Gains in Iowa and Nevada for Patients, Nurses
The Iowa Supreme Court ruled last week that advanced registered nurse practitioners (ARNPs) can supervise fluoroscopy, a high-tech X-ray and imaging procedure. The high court ruling was in response to a challenge by three nursing organizations to an earlier decision from a district court.
“We believe the district court erred in second-guessing the department of public health and nursing board on the adequacy of ARNP training to supervise fluoroscopy,” the Iowa Supreme Court wrote. “The record affirmatively shows ARNPs have been safely supervising fluoroscopy and are adequately trained to do so… Allowing ARNP supervision of fluoroscopy improves access to healthcare for rural Iowans and helps lower costs.”
Experts say the ruling has implications for patients, especially those living in rural areas with limited access to doctors, who will be able to get test results more quickly. That can alleviate fears if the fluoroscopy shows that a patient does not have a serious health problem or, conversely, it can facilitate quicker treatment if a patient needs it.
The American Nurses Association (ANA) hailed the ruling as a “scope of practice win” and a victory for Iowa residents. “In today’s high-demand health care environment, we need nurses and all other health care professionals working to the top level of their capabilities and licenses,” ANA President Karen A. Daley, PhD, RN, FAAN, said in a statement. “The court’s decision will help Iowans get the health care services they need in a timely, efficient, and effective way.”
The case originated when the board of medicine and physicians’ organizations argued that the department of public health and nursing board had exceeded their regulatory authority by allowing nurses to supervise fluoroscopy.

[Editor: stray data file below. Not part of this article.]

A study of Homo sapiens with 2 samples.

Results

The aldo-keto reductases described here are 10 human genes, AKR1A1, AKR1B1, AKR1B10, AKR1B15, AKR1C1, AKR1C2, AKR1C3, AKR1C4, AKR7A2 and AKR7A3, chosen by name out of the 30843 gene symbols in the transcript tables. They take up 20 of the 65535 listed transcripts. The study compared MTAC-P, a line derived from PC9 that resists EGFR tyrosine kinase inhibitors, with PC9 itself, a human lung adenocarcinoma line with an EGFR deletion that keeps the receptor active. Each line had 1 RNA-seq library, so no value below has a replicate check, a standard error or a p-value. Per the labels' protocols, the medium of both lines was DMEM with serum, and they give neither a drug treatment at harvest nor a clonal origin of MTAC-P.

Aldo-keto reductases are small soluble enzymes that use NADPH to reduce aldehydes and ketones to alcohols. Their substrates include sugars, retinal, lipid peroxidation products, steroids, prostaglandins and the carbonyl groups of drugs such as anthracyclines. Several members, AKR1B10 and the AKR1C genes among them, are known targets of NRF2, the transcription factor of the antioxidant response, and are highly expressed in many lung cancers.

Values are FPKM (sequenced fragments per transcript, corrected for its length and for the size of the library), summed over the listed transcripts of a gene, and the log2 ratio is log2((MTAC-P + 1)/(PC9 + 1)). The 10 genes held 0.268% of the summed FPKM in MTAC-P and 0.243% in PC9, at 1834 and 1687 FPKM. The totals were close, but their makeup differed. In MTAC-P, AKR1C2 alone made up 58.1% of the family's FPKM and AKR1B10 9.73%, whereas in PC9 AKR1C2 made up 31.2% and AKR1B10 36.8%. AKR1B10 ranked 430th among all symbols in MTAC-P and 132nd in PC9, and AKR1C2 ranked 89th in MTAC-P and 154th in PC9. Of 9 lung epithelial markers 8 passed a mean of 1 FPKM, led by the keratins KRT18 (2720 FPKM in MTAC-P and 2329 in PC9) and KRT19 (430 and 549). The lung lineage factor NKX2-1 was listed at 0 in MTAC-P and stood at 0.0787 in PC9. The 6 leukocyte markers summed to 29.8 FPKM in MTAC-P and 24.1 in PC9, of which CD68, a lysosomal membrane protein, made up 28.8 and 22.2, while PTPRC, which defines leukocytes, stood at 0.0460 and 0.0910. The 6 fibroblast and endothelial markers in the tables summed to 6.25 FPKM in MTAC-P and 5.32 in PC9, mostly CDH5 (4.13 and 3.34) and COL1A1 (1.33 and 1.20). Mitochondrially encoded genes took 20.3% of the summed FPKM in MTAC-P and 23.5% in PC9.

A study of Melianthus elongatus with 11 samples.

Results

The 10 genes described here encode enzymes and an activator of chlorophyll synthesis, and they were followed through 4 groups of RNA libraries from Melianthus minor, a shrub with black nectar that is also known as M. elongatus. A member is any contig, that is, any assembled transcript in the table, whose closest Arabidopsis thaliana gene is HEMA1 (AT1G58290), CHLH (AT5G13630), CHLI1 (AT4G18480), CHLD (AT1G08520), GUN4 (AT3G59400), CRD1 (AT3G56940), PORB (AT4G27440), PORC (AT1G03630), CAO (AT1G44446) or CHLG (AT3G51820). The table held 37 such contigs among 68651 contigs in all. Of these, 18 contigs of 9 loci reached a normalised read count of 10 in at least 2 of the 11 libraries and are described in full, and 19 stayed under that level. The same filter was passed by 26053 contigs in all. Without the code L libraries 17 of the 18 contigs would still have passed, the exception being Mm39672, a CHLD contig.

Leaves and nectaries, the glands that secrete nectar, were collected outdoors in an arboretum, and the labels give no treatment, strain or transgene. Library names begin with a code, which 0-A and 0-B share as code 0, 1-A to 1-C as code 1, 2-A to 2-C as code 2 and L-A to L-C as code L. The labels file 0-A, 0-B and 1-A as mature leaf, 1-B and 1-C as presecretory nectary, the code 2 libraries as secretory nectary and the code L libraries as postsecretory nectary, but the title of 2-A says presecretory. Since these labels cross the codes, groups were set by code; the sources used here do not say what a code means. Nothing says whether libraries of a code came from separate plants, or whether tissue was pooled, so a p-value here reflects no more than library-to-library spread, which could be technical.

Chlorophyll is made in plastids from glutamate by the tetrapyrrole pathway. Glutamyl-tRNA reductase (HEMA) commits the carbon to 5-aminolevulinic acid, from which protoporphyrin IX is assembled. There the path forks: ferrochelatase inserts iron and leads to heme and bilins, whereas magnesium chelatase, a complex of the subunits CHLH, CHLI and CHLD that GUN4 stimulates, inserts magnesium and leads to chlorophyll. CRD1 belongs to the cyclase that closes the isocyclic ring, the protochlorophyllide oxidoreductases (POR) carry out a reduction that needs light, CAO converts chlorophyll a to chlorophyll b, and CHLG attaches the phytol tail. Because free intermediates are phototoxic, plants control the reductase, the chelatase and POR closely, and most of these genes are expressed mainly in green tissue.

New Nevada Law
Nevada enacted a law this week that affects advanced practice registered nurses (APRNs). Governor Brian Sandoval signed Assembly Bill 170 into law on Monday; it allows APRNs to practice independently and expands their prescriptive authority. This means, for instance, that nurse practitioners can order specific pain medications, providing patients with more immediate relief than if the patients had to wait while nurse practitioners tracked down physicians to approve the prescriptions.
The bill will streamline and improve health care delivery, Angela Golden, president of the American Association of Nurse Practitioners (AANP), said in a statement. “Nevada now keeps pace with 16 other states and the District of Columbia, which offer patients full and direct access to nurse practitioner services and moves into alignment with national recommendations. We urge lawmakers in other states that are considering similar legislation to follow suit and take steps toward closing the gap between the care that nurse practitioners are educated to provide and the care that dated regulations allow them to deliver.”